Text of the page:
Guest Column | May 25, 2022

CAR T-Cell Therapies Still Face Major Hurdles In Treatment Of Solid Tumors

By Jamal El-Mosleh, Co-founder and CEO, Elicera Therapeutics AB


In recent years, CAR-T therapies have become a promising pillar of cancer therapy. This is due to CAR-T therapies achieving remarkable clinical responses in the treatment of chemotherapy-resistant or refractory B-cell malignancies. Even though response rates are high, the majority of patients need other treatment alternatives mainly due to treatment resistance and/or high rates of relapse.

In about twenty percent of patients with B-cell lymphoma, not all cancer cells are killed, leading to patient relapse. This is due to acquired heterogeneity in CD19 expression among B-cells. CD19 CAR-T cell therapies are “blind” to cells with low or no expression of the CD19 antigen. Consequently, those cancer cells can escape CAR-T cells and with time continue to divide resulting in a refractory tumor clone.

CAR-T-cell therapies face the greatest challenges in the field of solid tumors, which express a highly varied set of tumor antigens. This makes it difficult to find relevant targets for CAR-T-cells as solid tumors have extremely immunosuppressive micro-environments that counteract the effect of CAR-T-cells against cancer.

Secondary mode of action attacks cells missed by conventional CAR-T-cells – data published in Nature Biomedical Engineering

The iTANK (immunotherapies Activated with NAP for efficient Killing) platform adds a secondary anti-cancer mode of action through a broad activation of the patient's natural immune response. Specifically, local release of NAP (neutrophil activating protein derived from Helicobacter pylori) causes cytolytic T-cell activation which can target the entire set of antigens expressed uniquely by tumor cells.

This secondary mode of action ensures a “back-up” mechanism of cancer attack that potentially eliminates all tumor cells “missed” by conventional CAR-T cells. In tumors with heterogeneous expression, NAP secretion triggered the formation of an immunologically “hot” microenvironment supporting dendritic cell maturation and bystander responses. This was shown by epitope spreading and by infiltration of cytotoxic CD8+ T cells targeting tumor-associated antigens other than the CAR - targeted antigen.

In vivo studies indicated that CAR(NAP) T-cells controlled tumor growth and significantly prolonged survival when compared to treatment with conventional CAR T-cells not armed with iTANK. Modifications introduced through the iTANK platform are designed with safety in mind; NAP expression is induced by CAR target engagement and Helicobacter pylori infected individuals do not experience any NAP-related toxicity.

These results show the potential of iTANK to significantly reduce the percentage of relapsed non-Hodgkin lymphoma patients with B-cell malignancies and be deployed as a hybrid treatment with two modes of action: a specific cancer attack through CAR T-cells and a parallel “bystander” immune response where endogenous killer T-cells attack the tumor independently of whether they express the antigen targeted by the CAR or not.

Preclinical proof-of-concept data was recently published in Nature Biomedical Engineering and can be found here:

Platforms must be compatible with other forms of treatment

Of course, any successful technological platform to improve the performance of all CAR T-cell therapies must be designed to address drawbacks with the currently available therapies, namely neurotoxicity and antigen-escape, and be themselves compatible with other forms of treatment.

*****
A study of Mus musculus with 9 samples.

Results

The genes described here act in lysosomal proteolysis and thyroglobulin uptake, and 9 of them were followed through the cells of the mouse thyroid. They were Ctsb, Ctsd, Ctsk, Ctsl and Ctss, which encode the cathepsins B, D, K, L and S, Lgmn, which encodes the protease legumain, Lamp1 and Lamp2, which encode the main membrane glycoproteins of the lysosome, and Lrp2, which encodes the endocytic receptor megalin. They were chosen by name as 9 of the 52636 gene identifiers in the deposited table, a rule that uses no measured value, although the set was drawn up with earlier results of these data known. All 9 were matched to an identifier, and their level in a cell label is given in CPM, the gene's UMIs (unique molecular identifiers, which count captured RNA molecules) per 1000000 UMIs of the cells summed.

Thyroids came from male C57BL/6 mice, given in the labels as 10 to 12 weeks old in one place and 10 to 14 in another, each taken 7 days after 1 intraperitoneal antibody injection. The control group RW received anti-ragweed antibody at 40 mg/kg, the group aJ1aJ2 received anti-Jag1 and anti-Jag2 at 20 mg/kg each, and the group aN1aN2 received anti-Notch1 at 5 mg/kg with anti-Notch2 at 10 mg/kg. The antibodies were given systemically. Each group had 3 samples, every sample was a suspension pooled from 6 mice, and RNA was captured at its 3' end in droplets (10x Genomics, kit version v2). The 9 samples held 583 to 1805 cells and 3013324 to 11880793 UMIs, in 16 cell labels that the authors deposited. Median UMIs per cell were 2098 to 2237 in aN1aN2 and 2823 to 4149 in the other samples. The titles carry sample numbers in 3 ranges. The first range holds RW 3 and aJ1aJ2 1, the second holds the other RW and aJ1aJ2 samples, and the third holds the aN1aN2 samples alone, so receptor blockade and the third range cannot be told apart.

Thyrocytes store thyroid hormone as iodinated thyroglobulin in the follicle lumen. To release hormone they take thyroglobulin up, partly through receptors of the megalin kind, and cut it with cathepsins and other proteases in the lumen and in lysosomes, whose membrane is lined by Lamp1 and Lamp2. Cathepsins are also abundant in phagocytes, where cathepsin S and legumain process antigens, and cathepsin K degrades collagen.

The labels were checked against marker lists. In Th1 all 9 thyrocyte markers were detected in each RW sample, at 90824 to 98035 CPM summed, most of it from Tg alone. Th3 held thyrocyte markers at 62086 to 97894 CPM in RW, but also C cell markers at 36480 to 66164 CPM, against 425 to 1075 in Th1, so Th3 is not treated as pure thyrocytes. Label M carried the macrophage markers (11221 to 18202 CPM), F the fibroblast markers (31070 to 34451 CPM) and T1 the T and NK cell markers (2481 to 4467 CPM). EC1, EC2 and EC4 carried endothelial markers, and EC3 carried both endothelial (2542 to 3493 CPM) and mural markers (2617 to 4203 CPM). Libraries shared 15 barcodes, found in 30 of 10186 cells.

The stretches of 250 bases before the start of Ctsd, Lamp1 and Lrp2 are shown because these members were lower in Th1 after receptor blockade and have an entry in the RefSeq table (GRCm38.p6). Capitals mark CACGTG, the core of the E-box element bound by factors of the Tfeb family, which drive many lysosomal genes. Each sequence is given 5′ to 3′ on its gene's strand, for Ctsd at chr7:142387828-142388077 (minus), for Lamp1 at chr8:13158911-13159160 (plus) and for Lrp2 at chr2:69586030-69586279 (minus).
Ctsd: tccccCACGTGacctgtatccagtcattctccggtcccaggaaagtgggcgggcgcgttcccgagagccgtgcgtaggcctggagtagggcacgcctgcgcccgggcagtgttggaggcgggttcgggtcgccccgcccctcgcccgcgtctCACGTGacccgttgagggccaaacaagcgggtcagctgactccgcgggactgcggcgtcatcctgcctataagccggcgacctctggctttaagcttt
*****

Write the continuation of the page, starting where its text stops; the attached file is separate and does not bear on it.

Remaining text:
Adding NAP to other T-cell treatments in a clinical setting in upcoming trials is one such way to make treatments compatible with each other and we at Elicera are excited to look into this further.

Genetically modified with transgene to activate CD8+ killer T-cells

CAR T-cells have been developed and gradually improved for many years. The first generation of CAR T-cells most often demonstrated poor effects owing to insufficient propagation and survival in the body after infusion.

The second and third generations of CAR T-cells contained one and two extra costimulatory domains respectively which improved function, survival, and immune activation. Approximately 70 percent of all CAR T-cells currently under development belong to the second generation.

The fourth generation of CAR T-cells is built on the second generation but adds a transgene that codes for individual immunostimulants. The intention of adding the transgene is to trigger the innate immune system and activate the patient’s own CD8+ killer T-cells to attack cancer.

Approximately 16 percent of CAR T-cells currently under development belong to the fourth generation with the majority of these are being developed in academic environments rather than commercially. Some examples of optimized versions of fourth generation CAR T-cells are drug candidates that have been genetically modified with a transgene that code for a neutrophil-activating protein (NAP) instead of individual immunostimulants (cytokine).

The journey to fulfill the promise of CAR-T therapies continues. New platforms can become a cornerstone in the CAR T-treatment alternatives for solid tumors that directly address the risks of relapse and treatment resistance that are common in current CAR-T therapies.

Jamal El-Mosleh, Co-founder and CEO, Elicera Therapeutics AB

Jamal El-Mosleh has been CEO of Elicera Therapeutics since 2020. He was previously CEO of First North-listed biotechnology company Annexin Pharmaceuticals AB (publ) and CEO for nearly ten years at Nasdaq Stockholm Small Cap-listed immuno-oncology company Immunicum AB. He was also Immunicum’s co-founder, led its IPO on NASDAQ First North in 2013 and initiated its broad international clinical program. Jamal El-Mosleh is also a deputy board member of the cancer diagnostics company Elypta AB.